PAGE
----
Identifying the strong need for better management, the three days workshop on ‘Emergency Preparedness Simulation’ was held with the United Nations and the Royal Government of Bhutan. A scenario of an earthquake of magnitude 8 was taken up in the simulation exercise to test the existing emergency response system.
The tectonic plates are shifting at 16mm per year. In 100 years it moves 1.6m that indicates it has moved more than 4m since the last major earthquake in 1714 that wreaked havoc according to some monastic scriptures.
Although there are response and contingency plans recommended from various stakeholders in emergency management in place, it was however found that the issues on effective communication channels between stakeholders needs to be worked on.
The objectives were to clarify the roles of the stake holders, test the communication and co-ordination system between the UN and RGOB and also within the RGOB itself, to map the coordination and decision making processes and to provide recommendations for the existing defense mechanism in the country.
The senior program officer of Department of Disaster Management (DDM), Sonam Deki said “It was a good opportunity for us not only to see how we can coordinate and communicate with the UN system but also within our own national system. It was also the first national exercise that tried to test the national level coordination structure”.
However, the communication channels between the stakeholders at national level were found deficient. “I think some of the sectors were not really aware of some of the roles and responsibilities”. She added this could be due to lack of awareness and training.
Other shortcomings were identified in terms of preparedness. “With the simulation exercise we identified some of the priority actions that we would need to strengthen for disaster response in the country”. Procedures for acquiring international help were also discussed.
The National Response Coordination Committee (NRCC) has 8 desks headed by the prime minister such as SAR (Search and Rescue) desk, medical service desk, planning desk, logistics desk, information communication and transportation desk, immediate restoration of essential public services desk, Finance desk and international assistance desk. While the UN includes clusters, that are a group of humanitarian organizations such as water, health and logistics. To see how the desks work with the clusters to provide support in a national emergency was their main objective.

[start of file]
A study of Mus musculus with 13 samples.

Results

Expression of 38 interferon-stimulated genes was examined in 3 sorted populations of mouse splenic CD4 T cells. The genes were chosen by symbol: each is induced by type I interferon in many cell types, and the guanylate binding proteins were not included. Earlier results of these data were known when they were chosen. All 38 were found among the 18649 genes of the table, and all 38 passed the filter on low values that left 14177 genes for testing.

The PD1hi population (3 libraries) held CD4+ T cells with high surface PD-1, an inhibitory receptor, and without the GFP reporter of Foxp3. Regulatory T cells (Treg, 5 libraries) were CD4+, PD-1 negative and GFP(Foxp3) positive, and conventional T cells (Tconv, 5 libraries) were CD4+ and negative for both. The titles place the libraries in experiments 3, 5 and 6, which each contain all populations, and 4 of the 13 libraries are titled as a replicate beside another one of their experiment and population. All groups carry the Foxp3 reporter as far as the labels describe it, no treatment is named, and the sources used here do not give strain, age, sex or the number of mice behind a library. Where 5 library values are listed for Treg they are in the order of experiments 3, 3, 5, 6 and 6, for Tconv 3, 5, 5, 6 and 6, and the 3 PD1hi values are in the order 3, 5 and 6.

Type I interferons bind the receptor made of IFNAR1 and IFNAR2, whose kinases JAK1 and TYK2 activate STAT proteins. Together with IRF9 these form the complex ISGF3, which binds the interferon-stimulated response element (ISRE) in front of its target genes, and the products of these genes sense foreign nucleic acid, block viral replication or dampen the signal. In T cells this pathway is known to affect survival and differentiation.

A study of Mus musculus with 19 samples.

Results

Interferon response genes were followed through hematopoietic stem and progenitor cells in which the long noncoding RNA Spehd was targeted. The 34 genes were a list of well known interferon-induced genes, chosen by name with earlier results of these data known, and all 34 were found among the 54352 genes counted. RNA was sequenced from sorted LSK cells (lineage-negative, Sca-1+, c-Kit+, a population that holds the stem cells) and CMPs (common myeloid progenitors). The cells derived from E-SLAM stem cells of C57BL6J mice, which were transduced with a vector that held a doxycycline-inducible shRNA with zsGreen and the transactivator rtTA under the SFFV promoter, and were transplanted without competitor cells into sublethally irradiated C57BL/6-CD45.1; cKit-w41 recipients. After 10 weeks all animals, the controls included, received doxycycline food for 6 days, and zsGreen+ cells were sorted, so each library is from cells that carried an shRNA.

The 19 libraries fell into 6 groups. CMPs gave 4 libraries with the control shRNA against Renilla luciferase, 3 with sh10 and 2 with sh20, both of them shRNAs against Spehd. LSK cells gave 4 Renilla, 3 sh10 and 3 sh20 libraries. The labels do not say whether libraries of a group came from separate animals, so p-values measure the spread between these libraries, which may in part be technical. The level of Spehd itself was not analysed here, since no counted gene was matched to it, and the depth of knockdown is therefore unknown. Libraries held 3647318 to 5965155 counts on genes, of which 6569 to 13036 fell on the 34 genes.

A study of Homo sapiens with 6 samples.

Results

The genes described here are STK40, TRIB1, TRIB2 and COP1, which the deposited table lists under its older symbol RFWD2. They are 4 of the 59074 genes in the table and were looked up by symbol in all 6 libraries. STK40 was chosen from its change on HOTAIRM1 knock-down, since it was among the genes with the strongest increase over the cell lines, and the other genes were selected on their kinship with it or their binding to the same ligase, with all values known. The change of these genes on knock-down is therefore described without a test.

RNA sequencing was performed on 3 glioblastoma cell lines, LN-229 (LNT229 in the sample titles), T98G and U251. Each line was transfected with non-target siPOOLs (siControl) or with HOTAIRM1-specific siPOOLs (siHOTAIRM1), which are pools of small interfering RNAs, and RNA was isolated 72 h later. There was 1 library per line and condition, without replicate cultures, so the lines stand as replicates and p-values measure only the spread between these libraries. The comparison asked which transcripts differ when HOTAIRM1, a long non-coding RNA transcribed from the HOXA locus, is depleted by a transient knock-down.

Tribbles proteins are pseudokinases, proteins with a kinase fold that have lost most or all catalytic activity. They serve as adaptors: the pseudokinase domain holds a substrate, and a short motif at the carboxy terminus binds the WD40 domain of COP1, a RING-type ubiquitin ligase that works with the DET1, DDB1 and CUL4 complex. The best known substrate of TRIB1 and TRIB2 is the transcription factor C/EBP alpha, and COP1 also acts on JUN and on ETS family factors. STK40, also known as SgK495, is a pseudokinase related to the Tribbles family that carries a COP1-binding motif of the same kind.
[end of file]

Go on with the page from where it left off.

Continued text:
The plans that have been identified would take around two weeks to be finalized. It will contain regulatory plans for the sectors and their standard operating procedures during a disaster.
The Senior Engineering Geologist of Seismology and Geophysics Division, Jamyang Chophel said, “Earthquake has no boundary so if the earthquake happens somewhere nearing our borders, Bhutan is affected as well to some damage”
He said certain formulas can be used to prepare ourselves, such as a calculating a retain period where it has been researched about in foreign countries like Japan and China. This is by studying the prior events and calculating the gaps to form a pattern.
He formed a group called Bhutan National Earthquake Monitory Network (NEAMN) to better understand earthquake in the Bhutanese context and prepare for contingency planning realistically.
One of the ways of preparing is through enhancement of earthquake source monitoring which will show the details of the earthquake such as the location, date and time, magnitude etcetera of an earthquake nearby.
“We must learn a lesson from our neighboring countries for example the 2015 Nepal earthquake and have a better contingency plan for our country. Whenever we plan a contingency plan for district level or national level, an important thing to keep in mind is the maximum level magnitude of earthquake that could hit Bhutan in the future.”
On the topic of ducking under the table during an earthquake, Jamyang Chophel says, while it is feasible in developed countries like Japan as they have stronger, more earthquake resilient structures and quality tables, in his opinion, from the technical prospective not realistic in Bhutan. “Here, there are dangers of the structure to break down including the tables. So before taking up such a drill, there should be mock drills and research done first to see if it is adaptable in Bhutan”. He instead suggests to duck under any standing structures such as doors or pillars as during past earthquakes it is always those that are the strongest and remain unbroken.
“The information of Bhutan Himalayas is very poor even now, studies on earthquakes are still very young and fresh in Bhutan, source monitoring and intensity monitoring machineries are newly established and Bhutan is one of the last countries to have such earthquake monitoring networks installed”.
From the United Nations side, there is a UN Inter-Agency Contingency Plan (IACP) for Bhutan. The plan was developed as the result of intensive consultation with stakeholders from across Bhutan, in Paro, August 2017.
The contingency plan is put together by the UN Country Team in coordination with Government and to provide support to Government capacity in country. The contingency plan emphasizes the linkages that should be established between preparedness, response, mitigation and early recovery actions.